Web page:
Autophagy dysregulation plays a crucial role in regulatory T-cell loss and neuroinflammation in amyotrophic lateral sclerosis (ALS)


Azad A., Gökmen Ü. R., UYSAL H., KÖKSOY S., BİLGE U., MANGUOĞLU A. E.

Amyotrophic Lateral Sclerosis and Frontotemporal Degeneration, vol.25, no.3-4, pp.336-344, 2024 (SCI-Expanded) identifier identifier

Abstract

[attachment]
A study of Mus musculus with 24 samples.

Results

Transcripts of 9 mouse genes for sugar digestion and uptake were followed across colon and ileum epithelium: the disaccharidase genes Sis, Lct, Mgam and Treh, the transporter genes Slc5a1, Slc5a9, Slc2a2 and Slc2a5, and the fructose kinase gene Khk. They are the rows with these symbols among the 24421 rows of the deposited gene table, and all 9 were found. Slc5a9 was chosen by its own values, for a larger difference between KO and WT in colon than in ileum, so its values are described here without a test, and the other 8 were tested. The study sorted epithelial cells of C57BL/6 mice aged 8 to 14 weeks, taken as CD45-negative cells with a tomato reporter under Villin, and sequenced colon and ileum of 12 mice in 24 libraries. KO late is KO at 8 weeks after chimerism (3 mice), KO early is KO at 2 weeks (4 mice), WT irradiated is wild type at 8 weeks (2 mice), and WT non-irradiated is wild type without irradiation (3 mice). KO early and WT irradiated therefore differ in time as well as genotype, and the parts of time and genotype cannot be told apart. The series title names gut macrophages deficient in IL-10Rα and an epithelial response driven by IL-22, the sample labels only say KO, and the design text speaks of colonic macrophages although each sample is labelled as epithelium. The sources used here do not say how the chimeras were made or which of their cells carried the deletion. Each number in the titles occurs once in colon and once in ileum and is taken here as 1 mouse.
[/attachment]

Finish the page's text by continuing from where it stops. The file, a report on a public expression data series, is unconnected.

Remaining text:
Objective: Neuroinflammation is the hallmark of amyotrophic lateral sclerosis (ALS) disease. Regulatory T cells (Tregs) are essential in immune tolerance and neuroinflammation prevention. It has been shown that a significant decrease in Treg and FoxP3 protein expression is observed in ALS patients. The main reason for the FoxP3+ Treg loss in ALS is unknown. In this study, the role of autophagy dysregulation in FoxP3+ Tregs in ALS was investigated. Methods: Twenty-three ALS patients and 24 healthy controls were recruited for the study. Mononuclear cells (MNCs) were obtained from peripheral blood, and then Tregs were isolated. Isolated Tregs were stained with FoxP3 and LC3 antibodies and analyzed in flow cytometry to determine autophagy levels in FoxP3+ Tregs in patients and controls. Results: The mean of FoxP3+ LC3+ cells, were 0.47 and 0.45 in patients and controls, respectively. The mean of FoxP3+ LC3− cells was 0.15 in patients and 0.20 in controls, p = 0.030 (p < 0.05). There is no significant correlation between ALSFRS-R decay rate and autophagy level in patients. Also, there is no significant difference between autophagy levels in FoxP3+ Tregs in patients with rapidly progressing ALS and slow-progressing ALS. Conclusion: Excessive autophagy levels in FoxP3+ Tregs in ALS patients can potentially be an explanation for an increased cell death and result in worsened neuroinflammation and disease onset. However, the disease progress is not attributable to autophagy levels in FoxP3+ Tregs.